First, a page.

Doing My Own Repair


#1

I have a 2002 Kia Sportage and have decided to replace my own master airflow sensor. I am not doing this out of any expertise or desire except I can’t afford to have the mechanic do it and it needs to be done as I already had them replace the oxygen sensor and that did not do the trick. I am trying to find the schematic on the internet rather than buy the Chilton Manual, again out of penny pinching. Is there anywhere on the internet to find such info? I have not been successful with that and had been told it was easy enough to find. Any thoughts, suggestions would be great.


#2

Try autozone.com, set up an account (it’s free), they might have that info. Also, it’s a ‘mass airflow sensor’.


#3

Before you go blowing $$ on a mass airflow sensor, why don’t you report the actual problem you are having. Of all of the strategies for fixing cars, guessing is often the most expensive.

I’m going to assume that your check engine light came on and that you have an error code. The error code format is “P1234” - post your code(s). Also post symptoms, if any, basics about the state of the car’s maintenance and what, if anything has actually been done to find the source of your problem.

Mass airflow sensors can be cleaned.


#4

Also, if you don’t know what the codes are, you can borrow a code reader at a local chain parts store like Autozone or Advance Auto Parts. Call ahead to see if they have one and it is in working condition. They won’t charge you anything to borrow the code reader.


#5

This may help: http://cardone.com/english/club/Products/ELECTRONICS/Protech/Tech_Bulletins/PT%2074-0002.pdf


#6

I did go to Autozone who sold me my as they called it, Master Air Flow Sensor. How would I know if the sensor could be cleaned as opposed to replaced. the car has 163,000 miles.


#7

By removing it, cleaning and re-installing it. Then clear the code and see if it comes back. If you don;t have a code reader you can clear the code by disconnecting the battery for a minute or so.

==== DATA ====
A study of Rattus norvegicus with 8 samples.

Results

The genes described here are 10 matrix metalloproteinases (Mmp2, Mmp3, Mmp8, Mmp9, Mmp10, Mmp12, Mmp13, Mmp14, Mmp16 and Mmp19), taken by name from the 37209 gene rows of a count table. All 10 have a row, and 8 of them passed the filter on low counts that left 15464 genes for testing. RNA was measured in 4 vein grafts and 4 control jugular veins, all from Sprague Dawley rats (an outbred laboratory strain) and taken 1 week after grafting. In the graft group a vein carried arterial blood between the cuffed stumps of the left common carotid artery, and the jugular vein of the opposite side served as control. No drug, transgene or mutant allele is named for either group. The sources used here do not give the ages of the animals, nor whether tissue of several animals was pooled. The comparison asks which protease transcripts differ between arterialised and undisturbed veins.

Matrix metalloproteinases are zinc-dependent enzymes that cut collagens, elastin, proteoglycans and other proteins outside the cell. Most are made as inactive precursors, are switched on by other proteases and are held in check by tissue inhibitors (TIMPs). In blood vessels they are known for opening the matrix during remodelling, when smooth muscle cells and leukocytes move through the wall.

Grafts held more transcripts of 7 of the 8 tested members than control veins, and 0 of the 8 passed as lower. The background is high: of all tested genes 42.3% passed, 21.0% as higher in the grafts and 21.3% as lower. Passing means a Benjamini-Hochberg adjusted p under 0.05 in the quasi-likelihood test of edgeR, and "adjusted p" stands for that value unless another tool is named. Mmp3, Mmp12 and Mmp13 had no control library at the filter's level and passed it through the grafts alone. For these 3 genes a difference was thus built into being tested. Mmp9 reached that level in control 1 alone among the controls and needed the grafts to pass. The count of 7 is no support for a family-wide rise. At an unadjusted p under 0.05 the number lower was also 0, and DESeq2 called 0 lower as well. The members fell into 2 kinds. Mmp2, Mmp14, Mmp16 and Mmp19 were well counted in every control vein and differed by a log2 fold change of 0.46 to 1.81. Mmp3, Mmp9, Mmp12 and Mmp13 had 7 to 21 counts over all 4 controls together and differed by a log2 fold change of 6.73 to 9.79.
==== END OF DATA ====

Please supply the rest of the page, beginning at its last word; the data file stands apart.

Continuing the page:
I have read dire warnings about terrible consequences from disconnecting the battery but I have never experienced any.


#8

“master”? sorry, it’s “mass”. Tells you a little about some folks are car parts places. How much does it cost? Have you bought it yet?


#9

What is the error code? Oh, and did I forget to ask what the error code is?

If you want to clean it Autozone (and any other parts store) has a can sitting on the shelf with other cleaners called “MAF Sensor cleaner.”


#10

As long as 1) You didn’t have to special order it, and 2) you haven’t used it yet, you can return it.

I would (if you aren’t sure exactly what the sensor is):
1) hang onto the new (as yet unused) mass airflow sensor…only for a few hours…
2) get the cleaner
3) use the new unit to make sure you’re looking at the right part
4) remove and clean the old one, and reinstall it
5) return to the store, ask them to check and clear any codes
6) return the new, unused unit

If you do know what/where it is, skip 1 and 3. :slight_smile:

Good luck,
Chase


#11

I’ve attached a little description of what a Mass Airflow Sensor is.

I believe your car uses a hot wire type. The wire does deteriorate over time from being heated, and the resistance changes, and with 163,000 miles I would not be surprized if yours has. It’ll be located in the air intake, just behind the air filter. Your best bet is to look the location up in a Haynes repair manual. Since you have the new one in-hand already, you can use that as a reference.